You planned to put your house on the market in June or July. Suddenly, it’s October and you’ve missed that traditional spring/summer window. As the days turn cooler, homeowners might wonder if selling a home in winter is really harder, or if that’s just a myth.
If there’s one thing that a client asks their real estate agent to do, it’s to sell their home fast. But really, they are asking the agent to do two things at once: Sell that house fast AND sell it at a price that the client is comfortable with.
And sometimes, those two things are in tension.
You’ve found the perfect house, and it’s “For Sale by Owner.” What does that mean for you as the buyer? The experience of buying directly with a seller is a bit different than dealing with their real estate agent. That’s not necessarily a bad thing, but it is something to prepare for. Here’s everything you need to know when buying a home For Sale by Owner (FSBO).
Selling a home can be stressful enough without adding the additional challenge of a less-than-ideal location. When something like power lines, a noisy airport or train tracks, or busy highway is involved, it can be tough to attract a buyer.
There’s plenty of advice online on how to sell a home fast. Our post 20 Creative Ways to Sell Your Home in Under a Month is a good example. But some sellers are in too much of a hurry to try those tips or don’t want to go to the trouble. They might be contemplating selling a house “as-is.”
Moving to a new home doesn’t always mean selling the old one. Homeowners could choose to keep it as a rental property. How to decide between selling a home vs. renting it out will be different for everyone. It boils down to three main topics: the homeowner’s goals, their financial situation, and whether or not they are “cut out” to be a landlord.
Residential homes with solar panels are becoming more commonplace than they were even just a few years ago. Companies that sell panels are popping up across the country, and homeowners who want a greener, cheaper alternative to traditional power sources are having them installed. Buying or selling a home with solar panels can be a little more complicated than a routine sale. There are some things to consider on both sides of the transaction.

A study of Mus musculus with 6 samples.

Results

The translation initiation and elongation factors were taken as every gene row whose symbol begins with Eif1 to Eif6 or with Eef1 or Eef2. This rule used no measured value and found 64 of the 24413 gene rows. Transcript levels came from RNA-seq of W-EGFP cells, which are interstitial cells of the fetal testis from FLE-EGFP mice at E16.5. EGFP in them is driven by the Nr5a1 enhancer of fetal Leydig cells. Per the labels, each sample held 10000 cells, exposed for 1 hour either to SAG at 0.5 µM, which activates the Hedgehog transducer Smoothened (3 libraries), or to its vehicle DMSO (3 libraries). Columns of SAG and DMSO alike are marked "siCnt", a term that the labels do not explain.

Preparing to sell a home can be expensive: Preparing a home to go on the market comes with the cost of repairs, updates, cleaning and staging. And of course buying one is a huge investment, too; buyers not only need to come up with a downpayment, but have to think about the cost of loan application fees and inspections.
It’s not news that buying a house is a big financial investment. But many first-time buyers wonder if buying a home is worth it. They wonder how long it will take before breaking even compared to renting. The St. Louis region actually has one of the shortest break-even times in the country.
It’s best to be completely sure about selling before taking the plunge to put a house on the market—obviously. And while it doesn’t happen often, a seller sometimes wants out of an agreement. Deciding to keep a home is not a decision that should be taken lightly.